Cognizant axes 6,000 jobs in India, cuts variable pay
21 March 2017
Information Technology firm Cognizant, which has significant operations in India, is likely to cut at least 6,000 jobs, or over 2 per cent per cent of its workforce.
Nasdaq-listed Cognizant had approximately 2.6 lakh employees as of end-December 2016. The layoffs are part of the routine annual reviews to weed out non-performers, a company spokesperson said.
Cognizant has also cut variable pay for employees. "As part of our workforce management strategy, we conduct regular performance reviews to ensure we have the right employee skill sets necessary to meet client needs and achieve our business goals. This process results in changes, including some employees transitioning out of the company. Any actions as the result of this process are performance-based and generally consistent with those we've made in previous years," the spokesperson said.
The spokesperson clarified, "The numbers may bounce a percentage here or there, but this is part of our standard practice. At the same time, we continue to enhance our capabilities and hire for roles across all our practice areas in the company."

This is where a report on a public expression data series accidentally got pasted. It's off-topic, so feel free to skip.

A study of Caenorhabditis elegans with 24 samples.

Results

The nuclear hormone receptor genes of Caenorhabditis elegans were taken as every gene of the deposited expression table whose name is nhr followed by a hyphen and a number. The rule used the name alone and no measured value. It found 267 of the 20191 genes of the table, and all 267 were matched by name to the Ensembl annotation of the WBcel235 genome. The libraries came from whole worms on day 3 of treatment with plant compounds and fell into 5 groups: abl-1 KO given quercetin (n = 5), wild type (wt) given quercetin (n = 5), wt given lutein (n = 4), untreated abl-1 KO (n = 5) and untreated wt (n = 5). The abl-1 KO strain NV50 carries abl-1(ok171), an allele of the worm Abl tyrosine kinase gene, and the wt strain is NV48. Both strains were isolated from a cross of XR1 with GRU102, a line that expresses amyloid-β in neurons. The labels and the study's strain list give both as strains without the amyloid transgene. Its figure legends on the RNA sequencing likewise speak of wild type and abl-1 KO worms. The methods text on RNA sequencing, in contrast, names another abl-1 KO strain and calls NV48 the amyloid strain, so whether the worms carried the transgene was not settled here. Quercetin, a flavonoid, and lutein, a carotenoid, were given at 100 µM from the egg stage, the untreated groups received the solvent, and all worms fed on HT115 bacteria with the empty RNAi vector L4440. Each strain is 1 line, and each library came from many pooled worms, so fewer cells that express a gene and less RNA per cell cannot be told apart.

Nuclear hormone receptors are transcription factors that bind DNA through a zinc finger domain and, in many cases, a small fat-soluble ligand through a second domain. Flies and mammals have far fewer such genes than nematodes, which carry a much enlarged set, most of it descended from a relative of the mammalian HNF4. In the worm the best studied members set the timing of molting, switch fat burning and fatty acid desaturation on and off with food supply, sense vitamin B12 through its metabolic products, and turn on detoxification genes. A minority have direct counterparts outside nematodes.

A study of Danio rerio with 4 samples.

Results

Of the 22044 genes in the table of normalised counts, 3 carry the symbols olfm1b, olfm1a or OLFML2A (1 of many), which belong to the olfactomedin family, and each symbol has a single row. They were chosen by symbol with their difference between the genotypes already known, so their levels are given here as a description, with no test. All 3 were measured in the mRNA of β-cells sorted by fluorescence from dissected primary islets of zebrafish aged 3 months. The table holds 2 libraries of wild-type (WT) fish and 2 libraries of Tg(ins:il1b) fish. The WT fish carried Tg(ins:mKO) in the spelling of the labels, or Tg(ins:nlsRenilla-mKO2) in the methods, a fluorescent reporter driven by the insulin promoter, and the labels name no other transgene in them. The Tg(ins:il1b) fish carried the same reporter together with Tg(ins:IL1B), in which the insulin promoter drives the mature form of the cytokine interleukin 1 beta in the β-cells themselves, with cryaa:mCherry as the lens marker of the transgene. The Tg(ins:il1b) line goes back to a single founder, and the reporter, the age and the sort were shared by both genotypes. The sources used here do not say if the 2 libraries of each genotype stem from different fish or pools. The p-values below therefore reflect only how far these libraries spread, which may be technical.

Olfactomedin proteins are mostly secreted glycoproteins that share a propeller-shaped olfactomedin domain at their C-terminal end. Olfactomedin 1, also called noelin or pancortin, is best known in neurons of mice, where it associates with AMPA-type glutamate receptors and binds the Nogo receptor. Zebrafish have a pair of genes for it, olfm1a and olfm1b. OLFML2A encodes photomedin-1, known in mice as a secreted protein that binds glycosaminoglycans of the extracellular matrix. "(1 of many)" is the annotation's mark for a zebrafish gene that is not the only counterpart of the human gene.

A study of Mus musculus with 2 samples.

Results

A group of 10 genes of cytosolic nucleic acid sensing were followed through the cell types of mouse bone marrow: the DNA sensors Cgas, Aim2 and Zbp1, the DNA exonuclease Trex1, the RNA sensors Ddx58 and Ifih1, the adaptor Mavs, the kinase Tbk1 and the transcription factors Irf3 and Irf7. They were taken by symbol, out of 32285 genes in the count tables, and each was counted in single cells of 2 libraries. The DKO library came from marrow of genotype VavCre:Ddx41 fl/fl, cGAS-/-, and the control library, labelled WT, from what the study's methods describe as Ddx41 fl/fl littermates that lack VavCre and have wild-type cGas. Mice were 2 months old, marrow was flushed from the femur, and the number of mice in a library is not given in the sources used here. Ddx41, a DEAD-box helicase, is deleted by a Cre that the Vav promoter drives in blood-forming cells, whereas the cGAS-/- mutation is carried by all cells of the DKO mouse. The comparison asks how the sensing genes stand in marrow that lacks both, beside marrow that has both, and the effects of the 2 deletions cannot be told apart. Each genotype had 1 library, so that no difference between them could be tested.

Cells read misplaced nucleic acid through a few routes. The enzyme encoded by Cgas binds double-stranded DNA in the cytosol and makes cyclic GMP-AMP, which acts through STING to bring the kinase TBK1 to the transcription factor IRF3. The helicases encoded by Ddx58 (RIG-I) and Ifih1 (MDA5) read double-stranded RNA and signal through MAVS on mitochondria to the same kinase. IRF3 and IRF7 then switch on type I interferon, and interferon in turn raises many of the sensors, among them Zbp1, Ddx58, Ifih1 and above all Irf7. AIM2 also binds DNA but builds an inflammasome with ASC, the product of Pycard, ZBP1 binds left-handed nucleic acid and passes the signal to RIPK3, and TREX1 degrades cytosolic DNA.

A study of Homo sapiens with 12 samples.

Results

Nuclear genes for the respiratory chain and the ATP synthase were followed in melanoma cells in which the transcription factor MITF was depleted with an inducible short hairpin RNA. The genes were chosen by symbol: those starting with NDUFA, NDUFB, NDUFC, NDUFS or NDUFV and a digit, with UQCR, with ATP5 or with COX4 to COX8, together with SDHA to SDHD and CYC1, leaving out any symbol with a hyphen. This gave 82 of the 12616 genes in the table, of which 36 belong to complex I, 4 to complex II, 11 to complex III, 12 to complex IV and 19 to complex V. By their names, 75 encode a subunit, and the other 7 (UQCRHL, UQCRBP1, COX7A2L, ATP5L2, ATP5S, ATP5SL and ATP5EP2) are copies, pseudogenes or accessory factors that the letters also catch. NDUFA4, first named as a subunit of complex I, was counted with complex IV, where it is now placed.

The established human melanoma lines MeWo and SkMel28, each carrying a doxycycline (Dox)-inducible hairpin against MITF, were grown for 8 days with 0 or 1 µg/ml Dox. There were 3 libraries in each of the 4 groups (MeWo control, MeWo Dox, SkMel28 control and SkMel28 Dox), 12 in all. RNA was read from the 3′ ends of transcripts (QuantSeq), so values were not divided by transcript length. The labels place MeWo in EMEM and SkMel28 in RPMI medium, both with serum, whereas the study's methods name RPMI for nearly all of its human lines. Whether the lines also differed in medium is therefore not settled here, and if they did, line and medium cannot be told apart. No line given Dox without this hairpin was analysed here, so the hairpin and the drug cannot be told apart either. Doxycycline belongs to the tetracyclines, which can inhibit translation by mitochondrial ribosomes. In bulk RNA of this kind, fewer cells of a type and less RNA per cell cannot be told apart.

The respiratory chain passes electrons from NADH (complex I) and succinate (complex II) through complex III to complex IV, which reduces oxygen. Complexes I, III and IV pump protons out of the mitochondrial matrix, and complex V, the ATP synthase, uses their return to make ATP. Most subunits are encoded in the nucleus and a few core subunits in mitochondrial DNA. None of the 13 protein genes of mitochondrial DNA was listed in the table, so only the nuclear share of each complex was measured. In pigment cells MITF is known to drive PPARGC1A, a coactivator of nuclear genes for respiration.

Commenting on the variable pay, the spokesperson said, "Cognizant has a performance-based culture and our variable payout is a function of company and individual performance. In previous years where we outperformed our goals, we paid significantly above the target payout. In 2016, we missed our original goals and our variable payout is reflective of that."
According to NDTV, analysts say that many IT roles will become redundant due to the impact of automation on lower-end jobs. Many Indian IT companies are struggling with lower growth amid big changes in the technology landscape that is fast shifting towards new digital services.
Cognizant had earlier announced a plan under pressure from activist investor Elliott Management to return $3.4 billion to shareholders over the next two years through share buybacks and dividend (See: Cognizant bows to Elliot, agrees to return $3.4 billion to shareholders).